My question is, how do I write an interrupt driven function to drive the LED state? I've searched the internet and found nothing and I could use a counter with a modulus, but that seems clunky. Any other ideas?

PS - I'd like to use this in either Arduino or Mbed, but I doubt it makes a difference to the question as to which one...

So your basic problem is that you want to set a minimum on-time for the LED. Do you also want to ensure that it then stays off for a certain period of time so there is a sense of "motion," or would you prefer that the LED stay on continuously so long as another character was transmitted before the minimum on-time expired? As a side-note, a minimum on-time is now considered a good security practice, as there was actually research a few years ago into sniffing network traffic by recording the lights on switch panels. –  Sam Skuce Feb 25 '13 at 23:17
    
Wow I had no idea, but an "ideal" situation would be when traffic occurs LED = !LED every .1 sec or so –  Eric Fossum Feb 25 '13 at 23:25
    
Actually, to be sure it's an actual ON/OFF signal, maybe I want it to do something else. I'll be honest, I don't know what's best... You seem knowledgeable, what do you recommend? –  Eric Fossum Feb 25 '13 at 23:27
    
@SamSkuce: have you got a reference to said traffic sniffing? Sounds interesting! –  Martin Thompson Feb 26 '13 at 10:08
    
@MartinThompson, it.slashdot.org/story/02/03/06/1221224/led-lights-friend-or-foe is the Slashdot story from 2002 (I'm amazed I remembered something that long ago), and applied-math.org/optical_tempest.pdf is the paper. –  Sam Skuce Feb 26 '13 at 14:51

2 Answers 2

up vote 6 down vote accepted
void receive_or_transmit_interrupt()
{
     g_traffic = true;
     /* other stuff. */
}

void timer_that_fires_every_100_milliseconds()
{
     if ( led == ON)
     {
          led = OFF;
          g_traffic = false;
     }
     else if ( g_traffic )
     {
          led = ON;
     }
}

If you don't want the timer to always be firing even when there's not traffic, you could change the receive_or_transmit_interrupt to enable the timer, and the timer could disable itself when it turns off the LED.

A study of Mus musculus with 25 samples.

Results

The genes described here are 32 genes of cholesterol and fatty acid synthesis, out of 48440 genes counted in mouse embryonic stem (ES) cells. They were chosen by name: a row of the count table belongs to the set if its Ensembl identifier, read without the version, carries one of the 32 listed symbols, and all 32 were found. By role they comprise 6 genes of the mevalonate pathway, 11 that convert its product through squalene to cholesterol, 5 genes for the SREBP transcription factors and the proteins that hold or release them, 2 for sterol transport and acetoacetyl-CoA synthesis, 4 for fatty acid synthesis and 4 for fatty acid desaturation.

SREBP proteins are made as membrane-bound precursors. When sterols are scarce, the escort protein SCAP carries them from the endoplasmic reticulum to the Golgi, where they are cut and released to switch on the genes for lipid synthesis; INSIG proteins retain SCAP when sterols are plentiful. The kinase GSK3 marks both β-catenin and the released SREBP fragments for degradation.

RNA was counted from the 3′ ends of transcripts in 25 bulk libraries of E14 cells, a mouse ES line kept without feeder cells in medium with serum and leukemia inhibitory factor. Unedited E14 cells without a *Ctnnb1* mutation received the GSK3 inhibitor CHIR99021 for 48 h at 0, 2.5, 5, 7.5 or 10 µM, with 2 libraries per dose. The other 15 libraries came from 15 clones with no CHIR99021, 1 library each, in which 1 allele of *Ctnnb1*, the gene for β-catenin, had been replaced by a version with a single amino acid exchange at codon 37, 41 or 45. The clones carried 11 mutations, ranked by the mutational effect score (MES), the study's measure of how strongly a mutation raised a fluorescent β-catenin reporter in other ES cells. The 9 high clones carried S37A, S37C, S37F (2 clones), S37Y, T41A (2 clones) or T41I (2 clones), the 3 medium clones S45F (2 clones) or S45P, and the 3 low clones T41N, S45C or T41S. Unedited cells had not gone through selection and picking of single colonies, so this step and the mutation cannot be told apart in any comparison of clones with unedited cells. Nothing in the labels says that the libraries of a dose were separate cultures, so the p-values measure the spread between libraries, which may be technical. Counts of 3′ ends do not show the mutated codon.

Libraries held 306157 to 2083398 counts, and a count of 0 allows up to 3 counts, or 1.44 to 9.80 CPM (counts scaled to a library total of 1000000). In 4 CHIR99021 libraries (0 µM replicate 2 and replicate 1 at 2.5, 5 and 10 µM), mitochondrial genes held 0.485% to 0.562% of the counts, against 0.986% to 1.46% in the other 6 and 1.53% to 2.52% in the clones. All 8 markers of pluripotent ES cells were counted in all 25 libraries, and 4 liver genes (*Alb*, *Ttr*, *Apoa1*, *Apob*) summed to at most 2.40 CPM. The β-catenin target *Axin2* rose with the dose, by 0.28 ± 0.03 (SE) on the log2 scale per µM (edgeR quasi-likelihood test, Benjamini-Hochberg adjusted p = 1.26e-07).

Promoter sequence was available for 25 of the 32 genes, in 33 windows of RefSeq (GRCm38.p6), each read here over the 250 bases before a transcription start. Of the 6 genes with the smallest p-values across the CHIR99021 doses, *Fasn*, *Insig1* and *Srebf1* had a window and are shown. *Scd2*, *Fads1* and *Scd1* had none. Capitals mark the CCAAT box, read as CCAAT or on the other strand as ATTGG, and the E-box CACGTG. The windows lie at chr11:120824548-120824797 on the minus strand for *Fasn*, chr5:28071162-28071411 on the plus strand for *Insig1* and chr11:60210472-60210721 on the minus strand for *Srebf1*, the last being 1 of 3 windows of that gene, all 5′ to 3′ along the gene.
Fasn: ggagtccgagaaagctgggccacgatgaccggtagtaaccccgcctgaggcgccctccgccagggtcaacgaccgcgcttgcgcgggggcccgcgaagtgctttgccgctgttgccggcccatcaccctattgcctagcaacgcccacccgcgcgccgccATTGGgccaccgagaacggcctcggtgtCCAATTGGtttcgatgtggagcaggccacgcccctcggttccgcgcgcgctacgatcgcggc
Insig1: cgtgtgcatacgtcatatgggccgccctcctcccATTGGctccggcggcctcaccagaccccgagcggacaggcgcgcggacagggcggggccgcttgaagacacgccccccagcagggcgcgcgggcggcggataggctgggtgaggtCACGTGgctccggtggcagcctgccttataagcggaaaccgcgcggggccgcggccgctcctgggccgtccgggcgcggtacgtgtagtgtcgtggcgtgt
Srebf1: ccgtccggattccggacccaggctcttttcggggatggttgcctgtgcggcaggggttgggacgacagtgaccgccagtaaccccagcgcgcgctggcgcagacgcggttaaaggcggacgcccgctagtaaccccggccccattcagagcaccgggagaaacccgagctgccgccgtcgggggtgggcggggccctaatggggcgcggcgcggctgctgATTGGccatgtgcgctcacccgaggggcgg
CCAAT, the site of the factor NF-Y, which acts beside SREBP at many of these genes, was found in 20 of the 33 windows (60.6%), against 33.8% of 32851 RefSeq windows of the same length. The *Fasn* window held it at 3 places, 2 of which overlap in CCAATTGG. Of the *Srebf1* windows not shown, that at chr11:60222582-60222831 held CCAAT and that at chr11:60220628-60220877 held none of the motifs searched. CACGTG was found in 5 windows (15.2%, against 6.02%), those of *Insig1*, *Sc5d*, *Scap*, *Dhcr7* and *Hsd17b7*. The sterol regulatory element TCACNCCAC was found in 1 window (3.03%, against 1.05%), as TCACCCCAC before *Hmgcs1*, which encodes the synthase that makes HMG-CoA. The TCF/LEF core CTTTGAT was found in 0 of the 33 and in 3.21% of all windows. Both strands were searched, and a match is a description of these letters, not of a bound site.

Right. It also assumes that nothing else is using that LED, and it kind of assumes that the LED begins in the 'OFF' state, although if that assumption was wrong, it would fix itself after the first traffic indicator. –  Sam Skuce Feb 25 '13 at 23:42
    
Well hey, I appreciate the coding head start! I just couldn't visualize the end result. –  Eric Fossum Feb 26 '13 at 0:12
    
This seams incomplete as it does not address how to implement the said interrupts. Where I can see using ISR(UART_RX_vect) and ISR(UART_TX_vect), except they are only double buffered(small). So they would only trip quickly and once, on the completion of the initial byte. Or is that it TX's UDRn buffer is filled between, ready for next and completly empty. After UART_UDRE_vect but before UART_TX_vect. This would not be the case for Rx. Also the interrupts(); is needed to enable the ISR() vectors. –  mpflaga Feb 26 '13 at 20:59
    
@mpflaga, the OP didn't ask how to implement interrupts, he was asking for a general algorithm to implement a minimum on-time for a traffic LED - Imagine my code as functions called from whatever interrupt handlers he implemented. He also said this may be on an Mbed or Arduino, so whose interrupt syntax and handling would I use anyway? –  Sam Skuce Feb 26 '13 at 22:23

A simple way is to switch the LED on in the Tx/Rx interrupt and initiate a timer of say 200ms (long enough to perceive). You then switch the LED off in the timer ISR.

That way the indicator is extinguished 200 ms after the last tx/rx activity. If the activity is sustained, the indicator will remain illuminated.

If the tx/rx bursts are intermittent with greater than 200ms gaps, the indicator will flicker. So the states of off, on and flickering give a broad indication of the data activity.